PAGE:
Most customers will tell us that their top priority is not shorting customers. They say they add more to a customer’s box to ensure it meets state and federal laws that require accurate statements of weights. Without an accurate scale, many end up shorting themselves!
Take the example of a 40-pound box of sweet potatoes. Sweet potatoes grow in many sizes, and they all go into one box, but if you don’t have a scale to know for sure that you are putting 40 pounds into the box, you may be better off giving the customer that one extra potato that puts them over the stated amount. You don’t want to, but if you short a customer one time, you will never get that business back. You don’t want the customer to say, “You gave me 39 pounds and 14 ounces in this box – You shorted me two ounces!”
Maybe giving away one extra potato is fine, but you don’t want to give the customers several potatoes, because then you start losing profit. Consider a 40,000-pound lot — 4000 boxes at 40 pounds each. Without a scale, you might pack 1.5 pounds over what should have been in the box. That would be 6000 pounds given away, and profit that should have been in your pocket!
Only an accurate piece of weighing equipment can eliminate that problem. While there is a cost involved, there is no question it will save you money in the end. Consistently giving customers extra product for their purchases will make customers happy, but it is not in the producer’s best interest.
The term “accurate scale” does not mean an inexpensive bathroom weighing scale. An expert from crb direct explains that while it may be fine for low-end weights, low-end scales are not legal for trade. They are intended for occasional use. A bathroom scale is simply not made to handle the kind of weight that results from weighing 40,000 boxes a week. It is either going to break, or start weighing inaccurately.
To ensure that you get accurate weights, use a top-quality scale built for heavy weighing. In addition, to ensure accurate weights, have the scale inspected and calibrated regularly. This is critical. That way you are eliminating inaccurate weights.
For example, we recently worked with a North Carolina produce supplier that had established its own packing facility after previously sending out their sweet potatoes and watermelons to be packed elsewhere. They were using a basic “eyeballing” method to fill boxes. To make sure they didn’t short their customers, they wound up overfilling the boxes and shorting themselves!
The new facility ships using two box sizes: a 40-pound carton and a 500-kilogram (1100-pound) box. In a bulk line, the sweet potatoes are washed, graded, and sized. As they are sized, workers fill up the 40 pound carton boxes, “guesstimating” their weight and then putting on the lid. Fairbanks recommended they install a Fairbanks Series III general-purpose bench scale with built-in rechargeable battery and integral pillar-style instrument. A roller ball top was recently added, so workers never have to pick up the boxes.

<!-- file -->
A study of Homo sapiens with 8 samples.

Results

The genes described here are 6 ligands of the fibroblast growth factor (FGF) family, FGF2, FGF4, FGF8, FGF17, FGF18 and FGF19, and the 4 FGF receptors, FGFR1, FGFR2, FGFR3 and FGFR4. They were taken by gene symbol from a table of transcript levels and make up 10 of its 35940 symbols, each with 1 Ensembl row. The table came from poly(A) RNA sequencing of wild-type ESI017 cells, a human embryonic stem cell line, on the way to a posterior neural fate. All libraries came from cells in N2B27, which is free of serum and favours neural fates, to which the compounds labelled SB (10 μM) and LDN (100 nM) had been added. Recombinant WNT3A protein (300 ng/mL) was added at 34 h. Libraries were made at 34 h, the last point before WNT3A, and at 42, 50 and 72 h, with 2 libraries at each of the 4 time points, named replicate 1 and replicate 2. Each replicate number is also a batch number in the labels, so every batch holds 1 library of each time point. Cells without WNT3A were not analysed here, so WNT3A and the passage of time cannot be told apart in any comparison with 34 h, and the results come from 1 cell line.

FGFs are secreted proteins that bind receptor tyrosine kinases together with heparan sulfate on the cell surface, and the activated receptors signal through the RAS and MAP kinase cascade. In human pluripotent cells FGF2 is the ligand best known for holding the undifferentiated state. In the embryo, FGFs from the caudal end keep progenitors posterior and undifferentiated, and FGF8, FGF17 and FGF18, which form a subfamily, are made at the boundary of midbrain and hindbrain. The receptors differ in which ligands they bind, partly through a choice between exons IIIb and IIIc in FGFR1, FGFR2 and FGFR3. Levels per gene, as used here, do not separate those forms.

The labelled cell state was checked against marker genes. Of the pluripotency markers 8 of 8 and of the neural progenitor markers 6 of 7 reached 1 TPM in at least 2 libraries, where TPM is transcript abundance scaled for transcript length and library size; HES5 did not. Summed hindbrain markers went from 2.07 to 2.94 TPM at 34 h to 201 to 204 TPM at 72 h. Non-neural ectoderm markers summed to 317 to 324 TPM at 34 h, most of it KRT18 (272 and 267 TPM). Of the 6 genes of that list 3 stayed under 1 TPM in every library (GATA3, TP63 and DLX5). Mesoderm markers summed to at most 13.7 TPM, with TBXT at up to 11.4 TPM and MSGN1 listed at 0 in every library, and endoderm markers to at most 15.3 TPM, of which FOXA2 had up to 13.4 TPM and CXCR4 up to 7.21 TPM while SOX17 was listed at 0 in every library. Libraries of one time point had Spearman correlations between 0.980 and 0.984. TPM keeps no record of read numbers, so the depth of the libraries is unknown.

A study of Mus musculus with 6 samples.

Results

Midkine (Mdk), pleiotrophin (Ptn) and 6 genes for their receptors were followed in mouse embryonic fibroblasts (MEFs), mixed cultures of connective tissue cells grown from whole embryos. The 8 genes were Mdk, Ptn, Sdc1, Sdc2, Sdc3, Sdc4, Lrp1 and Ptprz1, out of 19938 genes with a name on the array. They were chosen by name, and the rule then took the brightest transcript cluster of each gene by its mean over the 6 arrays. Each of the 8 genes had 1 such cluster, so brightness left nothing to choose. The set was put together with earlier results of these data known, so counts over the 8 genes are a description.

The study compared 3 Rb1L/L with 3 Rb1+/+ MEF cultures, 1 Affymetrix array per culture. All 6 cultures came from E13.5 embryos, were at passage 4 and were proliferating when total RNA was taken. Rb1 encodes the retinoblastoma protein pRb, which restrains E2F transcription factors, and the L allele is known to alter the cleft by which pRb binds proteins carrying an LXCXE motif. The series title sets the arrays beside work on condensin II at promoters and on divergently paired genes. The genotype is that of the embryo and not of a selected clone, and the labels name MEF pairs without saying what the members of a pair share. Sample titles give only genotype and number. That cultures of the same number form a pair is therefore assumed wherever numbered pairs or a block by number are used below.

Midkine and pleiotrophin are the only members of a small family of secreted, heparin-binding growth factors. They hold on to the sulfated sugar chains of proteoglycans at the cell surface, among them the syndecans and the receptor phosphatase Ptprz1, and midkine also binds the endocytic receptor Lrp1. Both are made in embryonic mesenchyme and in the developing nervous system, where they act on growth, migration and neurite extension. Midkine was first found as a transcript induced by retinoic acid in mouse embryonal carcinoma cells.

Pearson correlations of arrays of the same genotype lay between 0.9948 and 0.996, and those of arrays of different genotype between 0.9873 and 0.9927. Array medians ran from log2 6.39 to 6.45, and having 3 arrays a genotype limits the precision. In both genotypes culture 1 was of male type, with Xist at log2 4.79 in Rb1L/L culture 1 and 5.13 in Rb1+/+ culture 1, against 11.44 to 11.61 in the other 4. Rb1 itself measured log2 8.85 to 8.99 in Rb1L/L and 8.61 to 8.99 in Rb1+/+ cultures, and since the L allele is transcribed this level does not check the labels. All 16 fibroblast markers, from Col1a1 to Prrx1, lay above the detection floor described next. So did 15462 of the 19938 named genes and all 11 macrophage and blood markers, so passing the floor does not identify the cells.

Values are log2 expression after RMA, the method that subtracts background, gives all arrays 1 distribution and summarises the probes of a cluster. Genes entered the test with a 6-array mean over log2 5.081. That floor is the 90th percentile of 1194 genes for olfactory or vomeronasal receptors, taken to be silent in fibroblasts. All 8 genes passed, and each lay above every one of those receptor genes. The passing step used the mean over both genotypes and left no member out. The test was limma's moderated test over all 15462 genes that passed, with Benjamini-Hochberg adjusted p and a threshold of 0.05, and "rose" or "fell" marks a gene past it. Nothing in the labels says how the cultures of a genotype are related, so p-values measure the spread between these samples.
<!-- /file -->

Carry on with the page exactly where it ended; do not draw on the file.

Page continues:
Operators placed the Series III bench scale with roller ball top at the end of their conveyor line. They fill the 40-pound carton box and slide it down the scale. The scale weighs up to 150 pounds in increments of .05 pounds. If the box weighs more than 40 pounds, operators remove potatoes to get as close to the target weight as possible.
For the large 500-kilo boxes, they only visually estimated the contents, filling them up to the top to make sure each box held more than the required amount. They knew they would be giving away some product, but wanted to make sure there was at least a little extra. But after six months of “guesstimation,” they became concerned they were really shorting themselves. After all, each box could be off by as much as 20 kilos (44 pounds), so they were potentially giving away about 1000 pounds of sweet potatoes in each 25-box shipment!
For this application, Fairbanks recommended the use of an Aegis 4-foot by 4-foot, 5,000-pound industrial mild steel floor scale. The scale is equipped with an FB1100 Series instrument, which comes with a highly visible 2-inch backlit LCD screen. The instrument is mounted on the wall above the scale. It can sit on the forklift, so when the box is set, operators can see what it weighs from the forklift.
The customer says that instead of packing 520-540 kilos per box, they can now get it down to about 503-504 kilos, just enough overage to ensure they meet the required weight. They estimate that removing the excess paid for the cost of the floor scale in about one week.